For those whose lives have been affected by a loved one struggling with alcoholism, it’s important to remember that alcoholism is a life-altering disease, not a lack of self-control. It’s a disease that wreaks havoc upon the addict’s mental and physical state. It also takes a toll on the lives of their spouses and family members. When long-awaited sobriety finally comes, family members may face uncertainties and worries as to how to best support a loved one who is now sober. Consider these tips for living with a sober alcoholic.
Prepare for Intense Emotions
Recovery can be a roller coaster of emotions for the sober alcoholic as they learn to live without depending on alcohol. Your loved one may face periods of intense emotions like anger or sadness as they learn to deal with their emotions in a healthy way. The best thing you can do in the midst of this is be ready and willing to listen to their frustrations and be sure not to blame yourself for their emotional difficulties, whether it’s anger or sadness.
Focus on Communication
Developing communication and listening skills can go a long way in supporting your loved one’s recovery. Listen first. It may be helpful to repeat what your loved one is expressing to let them know you understand their perspective, and so they feel heard in the conversation. Respond clearly and patiently, without placing blame or criticizing.
Take Care of Your Own Health
When living with a sober alcoholic and supporting your loved one, be sure to take care of your own health as well. Get enough sleep, exercise, and eat healthy foods. Counseling may help you approach the situation with more peace, as well. Caring for yourself can enable you to better support and encourage your loved one in their recovery and sobriety.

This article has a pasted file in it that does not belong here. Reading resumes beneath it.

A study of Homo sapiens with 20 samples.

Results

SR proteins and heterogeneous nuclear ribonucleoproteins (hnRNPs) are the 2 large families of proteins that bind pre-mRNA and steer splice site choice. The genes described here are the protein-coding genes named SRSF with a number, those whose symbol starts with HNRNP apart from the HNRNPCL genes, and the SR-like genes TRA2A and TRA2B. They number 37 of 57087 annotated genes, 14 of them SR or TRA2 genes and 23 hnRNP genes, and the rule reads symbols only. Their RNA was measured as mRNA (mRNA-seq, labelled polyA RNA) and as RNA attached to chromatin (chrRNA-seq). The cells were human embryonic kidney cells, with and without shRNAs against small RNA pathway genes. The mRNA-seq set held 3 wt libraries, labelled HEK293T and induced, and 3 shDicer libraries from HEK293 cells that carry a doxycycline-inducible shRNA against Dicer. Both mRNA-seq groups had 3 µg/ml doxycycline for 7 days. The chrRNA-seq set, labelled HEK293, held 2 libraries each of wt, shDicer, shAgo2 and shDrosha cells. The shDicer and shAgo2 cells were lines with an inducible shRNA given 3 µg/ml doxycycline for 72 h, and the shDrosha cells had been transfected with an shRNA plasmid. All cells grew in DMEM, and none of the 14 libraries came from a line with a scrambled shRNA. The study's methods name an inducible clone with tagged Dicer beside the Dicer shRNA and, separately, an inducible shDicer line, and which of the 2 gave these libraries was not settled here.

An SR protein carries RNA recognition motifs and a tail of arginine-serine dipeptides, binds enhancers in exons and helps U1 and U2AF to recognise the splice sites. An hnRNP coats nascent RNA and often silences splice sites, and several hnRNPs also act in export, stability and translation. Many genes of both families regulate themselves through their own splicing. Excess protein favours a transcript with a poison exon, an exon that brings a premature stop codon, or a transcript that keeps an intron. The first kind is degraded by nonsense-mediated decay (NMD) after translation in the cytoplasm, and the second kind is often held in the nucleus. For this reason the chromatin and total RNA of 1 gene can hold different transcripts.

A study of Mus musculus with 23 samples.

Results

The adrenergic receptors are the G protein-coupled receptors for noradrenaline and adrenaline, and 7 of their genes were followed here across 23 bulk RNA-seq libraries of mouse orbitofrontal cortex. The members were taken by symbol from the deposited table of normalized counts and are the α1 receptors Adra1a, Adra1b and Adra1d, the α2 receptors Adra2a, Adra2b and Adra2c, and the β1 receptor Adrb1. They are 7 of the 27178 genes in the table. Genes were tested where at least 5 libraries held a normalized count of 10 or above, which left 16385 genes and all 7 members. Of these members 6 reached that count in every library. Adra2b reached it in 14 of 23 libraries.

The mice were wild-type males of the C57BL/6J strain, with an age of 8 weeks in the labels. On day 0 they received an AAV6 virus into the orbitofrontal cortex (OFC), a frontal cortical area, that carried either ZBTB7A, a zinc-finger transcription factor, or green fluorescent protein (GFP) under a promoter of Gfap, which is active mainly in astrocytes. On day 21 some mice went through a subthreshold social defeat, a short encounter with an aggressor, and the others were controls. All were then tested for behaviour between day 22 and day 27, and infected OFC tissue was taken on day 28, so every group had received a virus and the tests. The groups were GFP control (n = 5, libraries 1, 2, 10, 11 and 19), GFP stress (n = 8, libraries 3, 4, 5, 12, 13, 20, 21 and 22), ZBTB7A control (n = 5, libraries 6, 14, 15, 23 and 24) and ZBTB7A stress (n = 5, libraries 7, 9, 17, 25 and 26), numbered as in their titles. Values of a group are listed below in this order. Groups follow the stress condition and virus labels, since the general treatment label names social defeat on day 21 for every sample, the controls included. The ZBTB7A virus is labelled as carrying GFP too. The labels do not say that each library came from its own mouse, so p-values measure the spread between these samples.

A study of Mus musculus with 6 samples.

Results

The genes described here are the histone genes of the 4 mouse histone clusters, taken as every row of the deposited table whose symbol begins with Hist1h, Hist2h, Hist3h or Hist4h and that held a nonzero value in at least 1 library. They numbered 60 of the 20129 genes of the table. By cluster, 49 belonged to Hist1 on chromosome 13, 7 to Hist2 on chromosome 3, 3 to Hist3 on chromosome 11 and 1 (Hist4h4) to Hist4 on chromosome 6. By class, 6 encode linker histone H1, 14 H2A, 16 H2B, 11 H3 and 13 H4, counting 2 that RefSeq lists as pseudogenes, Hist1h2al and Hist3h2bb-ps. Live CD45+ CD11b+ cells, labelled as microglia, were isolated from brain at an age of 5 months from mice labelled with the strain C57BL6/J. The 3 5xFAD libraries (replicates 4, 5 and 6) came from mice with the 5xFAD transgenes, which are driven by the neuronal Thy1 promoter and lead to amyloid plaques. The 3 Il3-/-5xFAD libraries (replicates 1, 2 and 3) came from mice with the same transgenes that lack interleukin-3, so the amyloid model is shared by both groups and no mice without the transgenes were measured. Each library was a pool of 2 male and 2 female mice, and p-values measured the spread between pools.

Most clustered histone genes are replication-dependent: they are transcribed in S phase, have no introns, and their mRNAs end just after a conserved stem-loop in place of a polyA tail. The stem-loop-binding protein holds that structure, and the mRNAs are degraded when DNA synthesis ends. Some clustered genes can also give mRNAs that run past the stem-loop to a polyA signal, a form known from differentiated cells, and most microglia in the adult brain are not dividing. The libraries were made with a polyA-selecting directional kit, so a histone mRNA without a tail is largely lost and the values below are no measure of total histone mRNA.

Understand Relapse Risks and Signs
Living with a sober alcoholic, you should be well-aware of any signs of relapse. Catching these early will help you to better support them through the ups and downs of recovery and get them the help they need as soon as they need it. Signs of relapse may include a loss of interest in hobbies that they previously enjoyed, a change in behavior, sudden moodiness, spending time with friends they would previously drink with, or talking excessively about alcohol.
Focus on Forgiveness
You and your loved one may have a great deal of frustration, anger, and hurt built up between you as a result of alcoholism. Recovery is the best time to work on addressing these issues by focusing on forgiveness. Doing so will help you acknowledge the reality of the past, let go of it, and move forward together in a life without the damaging influence of alcohol.
Consider the Sanctuary Recovery Foundation
If you are struggling to stay clean and sober, a sober living environment may be right for you. The Sanctuary Recovery Foundation offers men’s sober living residences in the beautiful coastal region of Charleston, SC. We would love to talk to you about how we can help. Contact us today for more information.